I have been an English teacher for most of George W. Bush’s tenure, in which time he has butchered the English language with greater vigor than a fourteen-year old IMing her friends on MySpace.  Bush has committed all of the cardinal sins of awful prose, from choppy sentences, to broad generalizations (Axis of Evil), to made-up words (strategery), and pretty much every other perversion of proper grammar and effective rhetoric one can imagine.  In fact, in these eight years, Bush has been so profoundly inarticulate, publishers have made fortunes publishing volumes of his awkward phrases,  while cognitive linguists have no doubt made careers attempting to untie his knotty grammatical logic. As Stanford Linguist Geoffrey Nunberg clarifies, “Bush's malaprops can make him sound like someone who learned the language over a bad cell phone connection.”

Finally, I can put the red pen away, and I’ll have President I can be proud of, both grammatically and rhetorically.  Obama speaks as if he is writing a good novel, each sentence tightly structured, with multiple clauses and phrases, all properly coordinated, and composed of real words – used properly.  

The (grammar) nightmare is over.

Take a look at the opening of Obama’s victory speech, in which he demonstrates gold-medal verbal gymnastics:

“If there is anyone out there who still doubts that America is a place where all things are possible, who still wonders if the dream of our founders is alive in our time, who still questions the power of our democracy, tonight is your answer.”

In just a single sentence, Obama uses multiple adjective clauses, all yolked together with expert precision, yet absolute clarity – sophisticated yet simple. He then repeats the word “answer” in the next three paragraphs to build a rhetorical rhythm, illustrating the relationship between his historic win, the civil rights movement, and the goals of the Founder’s themselves, like a gymnast performing a challenging routine, or a quilter weaving a complex tapestry.

Obama makes even clichés sound fresh, by using such innovative linguistic tricks as “adjectives”:  Let us remember that, if this financial crisis taught us anything, it's that we cannot have a thriving Wall Street while Main Street suffers.”

And who could forget the soon-to-be historic biography of 106 year old Ann Nixon Cooper? Through the eyes of Ms. Nixon, Obama shows us our past, our troubled present, and a hopeful future, which even Joe the Plumber couldn’t help to become teary-eyed at:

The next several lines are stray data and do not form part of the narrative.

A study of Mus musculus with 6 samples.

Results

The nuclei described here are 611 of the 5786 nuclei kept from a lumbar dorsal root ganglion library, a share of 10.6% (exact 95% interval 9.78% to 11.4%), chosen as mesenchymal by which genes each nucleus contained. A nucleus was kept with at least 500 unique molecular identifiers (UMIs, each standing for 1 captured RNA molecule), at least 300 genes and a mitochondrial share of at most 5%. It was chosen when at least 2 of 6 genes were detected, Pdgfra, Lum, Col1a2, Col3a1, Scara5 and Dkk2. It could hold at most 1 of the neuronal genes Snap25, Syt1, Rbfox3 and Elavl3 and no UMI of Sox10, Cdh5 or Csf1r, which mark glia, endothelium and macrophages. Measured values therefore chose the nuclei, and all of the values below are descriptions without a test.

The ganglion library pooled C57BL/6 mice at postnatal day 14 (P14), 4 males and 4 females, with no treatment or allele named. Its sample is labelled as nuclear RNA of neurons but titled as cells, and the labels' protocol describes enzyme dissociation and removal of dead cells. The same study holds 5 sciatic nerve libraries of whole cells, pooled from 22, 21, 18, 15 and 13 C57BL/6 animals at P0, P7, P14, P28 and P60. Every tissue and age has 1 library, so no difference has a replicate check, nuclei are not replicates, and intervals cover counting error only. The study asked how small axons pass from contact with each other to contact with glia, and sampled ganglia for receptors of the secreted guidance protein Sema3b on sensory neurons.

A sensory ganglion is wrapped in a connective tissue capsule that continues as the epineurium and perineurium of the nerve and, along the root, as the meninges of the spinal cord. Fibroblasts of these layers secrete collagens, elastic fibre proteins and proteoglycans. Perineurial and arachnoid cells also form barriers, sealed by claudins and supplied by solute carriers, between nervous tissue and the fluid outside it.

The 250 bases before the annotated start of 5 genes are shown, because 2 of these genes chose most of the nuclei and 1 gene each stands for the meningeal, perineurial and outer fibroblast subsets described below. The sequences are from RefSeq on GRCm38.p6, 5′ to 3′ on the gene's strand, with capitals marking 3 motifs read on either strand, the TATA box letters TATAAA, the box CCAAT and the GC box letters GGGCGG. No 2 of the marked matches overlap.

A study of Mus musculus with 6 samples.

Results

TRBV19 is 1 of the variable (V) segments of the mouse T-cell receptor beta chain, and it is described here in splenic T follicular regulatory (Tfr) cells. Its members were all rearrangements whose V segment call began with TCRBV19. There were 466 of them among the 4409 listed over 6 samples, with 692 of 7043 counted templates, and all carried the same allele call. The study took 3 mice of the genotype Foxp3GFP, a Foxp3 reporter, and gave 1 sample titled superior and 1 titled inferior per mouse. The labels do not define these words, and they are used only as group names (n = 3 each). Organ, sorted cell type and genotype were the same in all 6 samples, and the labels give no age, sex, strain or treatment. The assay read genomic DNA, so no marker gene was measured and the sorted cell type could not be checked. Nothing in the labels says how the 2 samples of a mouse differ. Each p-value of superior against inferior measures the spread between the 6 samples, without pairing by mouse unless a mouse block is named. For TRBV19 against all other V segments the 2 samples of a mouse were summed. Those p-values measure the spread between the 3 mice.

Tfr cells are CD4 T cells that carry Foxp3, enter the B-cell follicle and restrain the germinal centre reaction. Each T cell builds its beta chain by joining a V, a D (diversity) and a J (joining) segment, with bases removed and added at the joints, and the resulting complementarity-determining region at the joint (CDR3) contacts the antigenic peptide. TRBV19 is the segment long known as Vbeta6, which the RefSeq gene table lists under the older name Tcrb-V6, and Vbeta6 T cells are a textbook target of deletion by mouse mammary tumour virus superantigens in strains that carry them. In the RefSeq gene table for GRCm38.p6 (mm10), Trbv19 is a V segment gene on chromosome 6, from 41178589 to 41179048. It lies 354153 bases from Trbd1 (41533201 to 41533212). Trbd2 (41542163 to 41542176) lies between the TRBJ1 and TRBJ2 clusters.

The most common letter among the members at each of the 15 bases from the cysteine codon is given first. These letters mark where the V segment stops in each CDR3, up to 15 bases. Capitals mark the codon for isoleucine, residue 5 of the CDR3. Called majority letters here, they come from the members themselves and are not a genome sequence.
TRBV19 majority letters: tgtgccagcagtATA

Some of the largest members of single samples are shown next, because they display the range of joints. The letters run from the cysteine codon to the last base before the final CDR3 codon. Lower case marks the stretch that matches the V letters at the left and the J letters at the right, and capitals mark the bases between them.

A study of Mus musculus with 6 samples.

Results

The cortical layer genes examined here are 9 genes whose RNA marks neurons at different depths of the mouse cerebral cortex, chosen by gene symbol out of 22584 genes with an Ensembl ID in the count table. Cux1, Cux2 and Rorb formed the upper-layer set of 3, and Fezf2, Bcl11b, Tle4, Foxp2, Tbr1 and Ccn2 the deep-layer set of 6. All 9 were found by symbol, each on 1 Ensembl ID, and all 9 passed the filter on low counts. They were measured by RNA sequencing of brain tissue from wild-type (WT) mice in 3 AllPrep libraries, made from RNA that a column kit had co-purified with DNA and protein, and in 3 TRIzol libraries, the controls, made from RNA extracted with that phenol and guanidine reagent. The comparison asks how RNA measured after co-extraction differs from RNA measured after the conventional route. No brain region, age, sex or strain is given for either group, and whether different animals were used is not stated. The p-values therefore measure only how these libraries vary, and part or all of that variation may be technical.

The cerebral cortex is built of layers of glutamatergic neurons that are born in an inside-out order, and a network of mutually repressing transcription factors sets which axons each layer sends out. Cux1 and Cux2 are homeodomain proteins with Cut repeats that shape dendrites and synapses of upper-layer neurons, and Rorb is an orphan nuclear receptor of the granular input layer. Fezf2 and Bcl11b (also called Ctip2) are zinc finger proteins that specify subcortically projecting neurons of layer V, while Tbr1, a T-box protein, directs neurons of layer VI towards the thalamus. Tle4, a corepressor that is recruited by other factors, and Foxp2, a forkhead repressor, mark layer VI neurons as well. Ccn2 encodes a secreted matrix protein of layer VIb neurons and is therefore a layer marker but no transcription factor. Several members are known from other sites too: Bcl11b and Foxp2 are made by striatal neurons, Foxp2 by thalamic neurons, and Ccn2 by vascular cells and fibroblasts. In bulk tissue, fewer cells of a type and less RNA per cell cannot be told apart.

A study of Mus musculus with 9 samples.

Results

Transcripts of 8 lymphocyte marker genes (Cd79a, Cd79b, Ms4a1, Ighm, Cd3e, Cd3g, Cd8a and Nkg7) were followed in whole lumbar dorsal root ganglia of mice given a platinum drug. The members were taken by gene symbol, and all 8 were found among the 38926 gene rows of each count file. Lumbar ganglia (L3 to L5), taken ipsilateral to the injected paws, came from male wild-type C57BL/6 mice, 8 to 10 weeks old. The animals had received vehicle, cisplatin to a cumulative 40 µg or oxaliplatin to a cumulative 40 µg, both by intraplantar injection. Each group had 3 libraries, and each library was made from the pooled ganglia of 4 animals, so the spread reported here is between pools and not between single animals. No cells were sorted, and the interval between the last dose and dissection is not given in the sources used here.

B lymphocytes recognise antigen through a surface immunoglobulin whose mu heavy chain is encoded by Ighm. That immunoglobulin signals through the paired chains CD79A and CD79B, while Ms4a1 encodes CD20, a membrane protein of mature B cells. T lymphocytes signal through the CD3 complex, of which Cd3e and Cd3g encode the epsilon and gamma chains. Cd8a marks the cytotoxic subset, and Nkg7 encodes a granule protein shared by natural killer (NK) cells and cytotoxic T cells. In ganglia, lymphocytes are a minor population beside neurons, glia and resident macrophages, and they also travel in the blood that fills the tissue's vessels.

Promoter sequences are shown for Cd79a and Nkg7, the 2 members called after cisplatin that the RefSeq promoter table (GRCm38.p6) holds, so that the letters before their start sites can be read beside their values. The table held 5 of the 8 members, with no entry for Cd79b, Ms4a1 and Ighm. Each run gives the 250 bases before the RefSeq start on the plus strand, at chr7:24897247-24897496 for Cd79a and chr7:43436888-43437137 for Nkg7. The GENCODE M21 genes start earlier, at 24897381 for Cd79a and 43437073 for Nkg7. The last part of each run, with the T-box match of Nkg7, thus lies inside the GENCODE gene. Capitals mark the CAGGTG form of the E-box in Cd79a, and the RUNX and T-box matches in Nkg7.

“She was there for the buses in Montgomery, the hoses in Birmingham, a bridge in Selma, and a preacher from Atlanta who told a people that ‘We Shall Overcome.’ Yes we can.”

And from here, Obama builds another rhetorical rhythm with “Yes We Can,” stitching the audience themselves into the eternal tapestry of history in the making, making each of us feel part of solving this troubled present, through words alone.

In fact, Obama is such a remarkable orator, that rumors have spread that he is actually hypnotizing us, to “make you feel like the decision to support Obama is your own, when it is really, at least for many, implanted artificially through hypnosis.” (and, as one astute forum poster responded “It’s called good public speaking”).

No one – not even the nuttiest conspiracy theorist – can deny that Obama is an excellent speaker.   And I am looking forward to hearing his calm voice, and his sophisticated rhetoric for at least the next four years. Frankly, I wouldn’t mind if Obama began his own series of FDR-esque “Fireside Chats,” or really, daily bed-time stories – just to hear his calm voice, coupled with his profound facility with words.

But I’m an “elite” community college English teacher, who is clearly out of touch with Joe Six Pack – who cares what I think, right?  Why should Joe Six Pack care?  Why does it matter if our President knows how to avoid dangling participles and use “big” words?  Isn’t verbal dexterity just manipulation  - hypnosis – rather than substance?

Contrary to the last eight years, words matter.

Given the fractured political landscape, filled with bitterness on all sides, divided by factions, we need a sophisticated communicator – a verbal surgeon, one with a delicate and precise hand – who can bring closure to these wounds.  And this wound ruptured around the world, bashed open by the sledgehammer of the Bush doctrine, in which those who disagree with us are “evil.”   The complexity of our problems cannot be fixed by sledgehammer which caused them, but through careful and thoughtful language, through premeditated rhetoric rather than preemptive action.